In the course of my job, I have to study some stuff about volleyball. A lot of the stuff is analytical in nature, or at least statistical. Because I am doing it anyway, I often post the results here in the name of education. For example a comparison of Europe’s Top 5 Leagues, and some best player and team analysis for 2018 VNL and 2019 VNL.
I am studying the 2018-19 Polish Plus Liga. The data set contains 186 matches which includes every match (except one :() from the normal round, all cup matches between Plus Liga teams and all playoff matches where medals were at stake (ie not including position playoffs after 3rd). As always the data are generated by Ben Raymond’s incredible apps.
For clarification, the statistic I use for reception is the ‘expected sideout rate’. This is the rate at which you would expect to sideout given the quality of your reception. The expected sideout rate based on the receiver’s pass ratings and the dataset-wide sideout rates by rating. For example, ‘perfect’ receptions might correspond to a dataset-wide sideout rate of 0.7, and ‘poor’ to 0.4. If a given receiver had one ‘perfect’ reception and one ‘poor’ one, their expected sideout rate would be 0.55. So the ‘expected sideout rate’ is specific to a particular league. It is calculated automatically in the report app. It is worth noting that an receiver receives 20-30 serves in a 4 set match. Which means when reading the numbers below you should consider that a 1% difference in expected sideout rate, means 1 (one) potential sideout every 3-4 matches. Liberos receive even less. All of this means that there is no actual noticeable difference between any of the these receivers.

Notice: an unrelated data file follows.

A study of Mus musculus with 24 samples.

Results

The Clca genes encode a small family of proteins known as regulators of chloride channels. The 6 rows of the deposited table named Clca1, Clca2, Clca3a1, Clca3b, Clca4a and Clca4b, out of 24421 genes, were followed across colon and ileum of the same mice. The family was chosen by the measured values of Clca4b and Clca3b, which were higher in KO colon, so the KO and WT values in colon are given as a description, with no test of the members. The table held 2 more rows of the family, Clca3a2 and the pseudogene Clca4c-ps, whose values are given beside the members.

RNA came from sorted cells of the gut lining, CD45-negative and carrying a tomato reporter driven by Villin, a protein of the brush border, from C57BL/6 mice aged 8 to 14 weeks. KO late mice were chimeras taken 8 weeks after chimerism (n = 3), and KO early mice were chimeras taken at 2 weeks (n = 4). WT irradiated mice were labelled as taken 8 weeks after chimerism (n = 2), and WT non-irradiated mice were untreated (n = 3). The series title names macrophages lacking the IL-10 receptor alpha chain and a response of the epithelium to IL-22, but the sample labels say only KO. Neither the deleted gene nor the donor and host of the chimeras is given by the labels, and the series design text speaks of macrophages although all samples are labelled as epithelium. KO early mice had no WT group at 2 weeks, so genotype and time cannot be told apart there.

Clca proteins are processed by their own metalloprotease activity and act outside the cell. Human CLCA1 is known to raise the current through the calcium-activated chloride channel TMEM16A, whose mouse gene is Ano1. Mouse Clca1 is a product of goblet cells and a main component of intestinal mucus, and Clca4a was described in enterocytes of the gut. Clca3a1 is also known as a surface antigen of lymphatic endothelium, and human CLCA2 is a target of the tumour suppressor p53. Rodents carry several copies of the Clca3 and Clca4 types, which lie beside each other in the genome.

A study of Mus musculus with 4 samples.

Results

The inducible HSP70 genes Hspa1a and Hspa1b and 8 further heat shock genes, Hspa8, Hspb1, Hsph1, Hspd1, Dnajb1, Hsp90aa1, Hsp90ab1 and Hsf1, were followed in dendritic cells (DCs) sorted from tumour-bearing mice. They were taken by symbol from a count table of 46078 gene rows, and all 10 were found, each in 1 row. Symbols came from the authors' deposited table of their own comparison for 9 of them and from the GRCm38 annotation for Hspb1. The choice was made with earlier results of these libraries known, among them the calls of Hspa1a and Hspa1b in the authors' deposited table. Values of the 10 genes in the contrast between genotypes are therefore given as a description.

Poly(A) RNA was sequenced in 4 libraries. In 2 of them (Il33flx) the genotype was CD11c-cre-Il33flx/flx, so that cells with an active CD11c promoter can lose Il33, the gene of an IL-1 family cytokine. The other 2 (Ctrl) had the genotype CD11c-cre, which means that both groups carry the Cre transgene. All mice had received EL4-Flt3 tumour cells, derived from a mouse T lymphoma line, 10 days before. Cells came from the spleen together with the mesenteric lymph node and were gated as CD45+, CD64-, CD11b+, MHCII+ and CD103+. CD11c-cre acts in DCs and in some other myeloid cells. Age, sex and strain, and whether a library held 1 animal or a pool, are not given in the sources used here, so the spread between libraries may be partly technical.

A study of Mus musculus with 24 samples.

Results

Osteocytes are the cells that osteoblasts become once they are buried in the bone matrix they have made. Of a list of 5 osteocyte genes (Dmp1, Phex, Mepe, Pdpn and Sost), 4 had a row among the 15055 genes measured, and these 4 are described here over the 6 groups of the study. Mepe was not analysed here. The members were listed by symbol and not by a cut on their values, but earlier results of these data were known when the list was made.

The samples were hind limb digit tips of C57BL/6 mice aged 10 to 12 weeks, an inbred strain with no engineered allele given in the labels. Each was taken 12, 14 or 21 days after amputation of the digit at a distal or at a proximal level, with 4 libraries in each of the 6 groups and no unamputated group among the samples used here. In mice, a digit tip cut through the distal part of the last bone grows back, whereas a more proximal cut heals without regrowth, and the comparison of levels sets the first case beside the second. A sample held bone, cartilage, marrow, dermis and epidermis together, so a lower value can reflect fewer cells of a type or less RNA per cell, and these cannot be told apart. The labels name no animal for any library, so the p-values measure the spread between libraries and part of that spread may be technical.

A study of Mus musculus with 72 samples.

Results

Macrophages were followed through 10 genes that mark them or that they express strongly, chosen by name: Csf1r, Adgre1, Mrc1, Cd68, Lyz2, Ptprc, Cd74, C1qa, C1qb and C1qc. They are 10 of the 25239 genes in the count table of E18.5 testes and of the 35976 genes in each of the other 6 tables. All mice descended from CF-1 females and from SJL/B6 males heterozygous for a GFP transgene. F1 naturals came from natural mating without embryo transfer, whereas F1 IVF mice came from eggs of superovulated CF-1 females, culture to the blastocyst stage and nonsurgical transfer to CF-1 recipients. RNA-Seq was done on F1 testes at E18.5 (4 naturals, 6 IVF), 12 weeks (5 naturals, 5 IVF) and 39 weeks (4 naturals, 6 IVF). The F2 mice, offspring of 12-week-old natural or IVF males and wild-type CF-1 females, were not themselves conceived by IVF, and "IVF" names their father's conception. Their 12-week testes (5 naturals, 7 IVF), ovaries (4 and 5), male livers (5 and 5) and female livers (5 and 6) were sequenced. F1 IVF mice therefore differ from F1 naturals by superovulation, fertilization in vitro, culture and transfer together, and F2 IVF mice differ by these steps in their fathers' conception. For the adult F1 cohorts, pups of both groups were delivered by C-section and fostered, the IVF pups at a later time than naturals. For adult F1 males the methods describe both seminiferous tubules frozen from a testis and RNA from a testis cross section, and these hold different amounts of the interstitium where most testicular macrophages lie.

Again I have split the lists by role to ensure we are comparing like to like. As you can see, as a group liberos are better at receiving than outside hitters. The numbers in red indicate players who are below the role average. In a fourteen team league, there are a limited number of liberos who reach the minimum threshold, so it is not surprising that players in the top 10 would be ‘below average’. Also not that they are at least comparable with the best outside hitters. What is interesting to me is that players who might normally be considered weaker receivers, and are definitely the targets in their respective teams, pop up in the lists. Whether this is because they get more practice than their teammates so get better, or because the ‘better’ receivers haven’t reached the minimums, or because coaches are bad at deciding who they should target would be an interesting discussion.
Splitting up again by service type you see some differences in who is good at different parts of the game.